Sustainability – April 2023
The relationship between water and the mineral products industry is a complex one. Clearly there are many triumphs. Attenborough, Little Paxton, the Cotswold Water Park, Brockholes are places I can think of without looking them up – outstanding quality restoration, award winning in most cases and a short list of many sites that are now a key part of the fabric of rewilding Great Britain. Many of which are a result of positive collaboration between the industry, the community and the third sector – a subject about which I have written on here before.
Then there are the more complicated, less positive issues particularly concerning the activity of de-watering voids to gain access to material. This has been an area of much debate ranging from how such activity is licenced through to the impacts of it on sensitive environments. The poorly understood and inconclusive effect of quarrying in the Mendips on the Bath hot springs is an example that most can recite. I think it is fair to say that if water is going to be moved from one place to another in enormous volumes, it is likely to have some effects elsewhere albeit very difficult to substantiate either way. As pressure on drinking water supplies mounts – particularly owing to climate change – we have most definitely not seen the end of these debates.
There are a few, simple issues which always seem to amaze me that in 2023 are commonplace. The first concerns making concrete and the second, asphalt and both form part of my view about getting the basics right.
I have been reminded again recently that moisture control in concrete plants remains basic or at least retrospective. Add that to erring on the side of caution and we see over-estimated moisture levels quite routinely. This means that more cement (or other binders) is used in the making of concrete than is strictly necessary. This is obviously expensive but also not doing anyone any favours on the embodied carbon front. We are lucky in the UK to have some well performing cement plants which operate a way below the theoretical 1000kg of CO2 per tonne of product. Nonetheless, the over-batching of cement in concrete production leads to many truckloads of the binder being unnecessarily used. I saw recently that an electric truck mixer can reduce CO2 by 90 tonnes per year. That’s about the same as reducing cement consumption by 2.5 tonnes per week which on an average concrete plant over-estimating its moisture by 1% would be super easy. I am not saying the e-truck is a bad idea – but it comes after operational optimisation.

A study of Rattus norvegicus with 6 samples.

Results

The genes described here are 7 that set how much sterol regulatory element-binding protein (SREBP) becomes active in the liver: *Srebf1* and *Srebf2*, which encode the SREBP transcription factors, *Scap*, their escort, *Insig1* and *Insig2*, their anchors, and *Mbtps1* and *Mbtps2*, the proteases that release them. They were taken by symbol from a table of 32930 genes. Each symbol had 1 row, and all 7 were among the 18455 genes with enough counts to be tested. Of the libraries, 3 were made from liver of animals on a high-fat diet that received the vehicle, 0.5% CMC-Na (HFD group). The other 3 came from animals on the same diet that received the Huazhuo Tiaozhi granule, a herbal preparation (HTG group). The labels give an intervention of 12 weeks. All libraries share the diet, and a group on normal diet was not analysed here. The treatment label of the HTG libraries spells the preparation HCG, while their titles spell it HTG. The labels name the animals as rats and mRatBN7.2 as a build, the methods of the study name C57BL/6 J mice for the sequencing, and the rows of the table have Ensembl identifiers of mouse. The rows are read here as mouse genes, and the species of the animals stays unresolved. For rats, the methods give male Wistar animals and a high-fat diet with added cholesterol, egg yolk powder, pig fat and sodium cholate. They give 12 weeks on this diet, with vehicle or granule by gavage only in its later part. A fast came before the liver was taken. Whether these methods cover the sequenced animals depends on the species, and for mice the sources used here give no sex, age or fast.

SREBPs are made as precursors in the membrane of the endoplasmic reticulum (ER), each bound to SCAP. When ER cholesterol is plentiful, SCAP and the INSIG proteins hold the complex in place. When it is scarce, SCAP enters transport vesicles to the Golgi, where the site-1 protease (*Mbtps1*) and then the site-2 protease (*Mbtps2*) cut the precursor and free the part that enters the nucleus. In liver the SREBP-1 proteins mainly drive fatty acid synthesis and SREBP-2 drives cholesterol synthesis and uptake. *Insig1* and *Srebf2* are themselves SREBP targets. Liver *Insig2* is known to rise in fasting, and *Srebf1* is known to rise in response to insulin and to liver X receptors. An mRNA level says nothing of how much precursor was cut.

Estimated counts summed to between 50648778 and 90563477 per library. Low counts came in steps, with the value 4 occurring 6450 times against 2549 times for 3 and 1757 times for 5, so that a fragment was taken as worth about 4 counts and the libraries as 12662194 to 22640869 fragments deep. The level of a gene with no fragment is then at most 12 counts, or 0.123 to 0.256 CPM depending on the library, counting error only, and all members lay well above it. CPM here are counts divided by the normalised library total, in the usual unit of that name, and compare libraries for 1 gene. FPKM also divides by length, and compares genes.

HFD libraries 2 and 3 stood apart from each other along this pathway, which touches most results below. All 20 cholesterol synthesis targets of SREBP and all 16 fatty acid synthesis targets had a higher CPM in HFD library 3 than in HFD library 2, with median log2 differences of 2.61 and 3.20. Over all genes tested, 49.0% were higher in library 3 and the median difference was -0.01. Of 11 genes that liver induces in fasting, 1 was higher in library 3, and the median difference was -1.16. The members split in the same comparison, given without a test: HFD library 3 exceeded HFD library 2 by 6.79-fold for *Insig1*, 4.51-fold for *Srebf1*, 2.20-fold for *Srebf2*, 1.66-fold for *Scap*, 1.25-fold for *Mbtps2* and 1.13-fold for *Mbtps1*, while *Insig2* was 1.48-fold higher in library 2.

To make asphalt, quarry operators sell wet rock, sometimes to themselves, and then spend a great deal of money drying it off before adding a bituminous binder. There has simply got to be a better way. At the very least to help with stock adjustments even if you don’t care about the CO2. About 15 years ago I tried (and failed) to get some traction on elastic pricing, based on quality. A concept used quite commonly in other industries – agriculture being an example. In fact, in that sector they apply this principle to grain because someone somewhere has to suck-up extra drying costs if it’s too wet. How hard would it be to look at that in our sector? You could even split the difference on a shared/risk reward basis. Pay more for dry material as the drying costs are less. I am sure someone can give me a list of reasons why it can’t be done – but it is important to address this before spending money on fancy CO2 reduction tech, sequestration, or offsetting.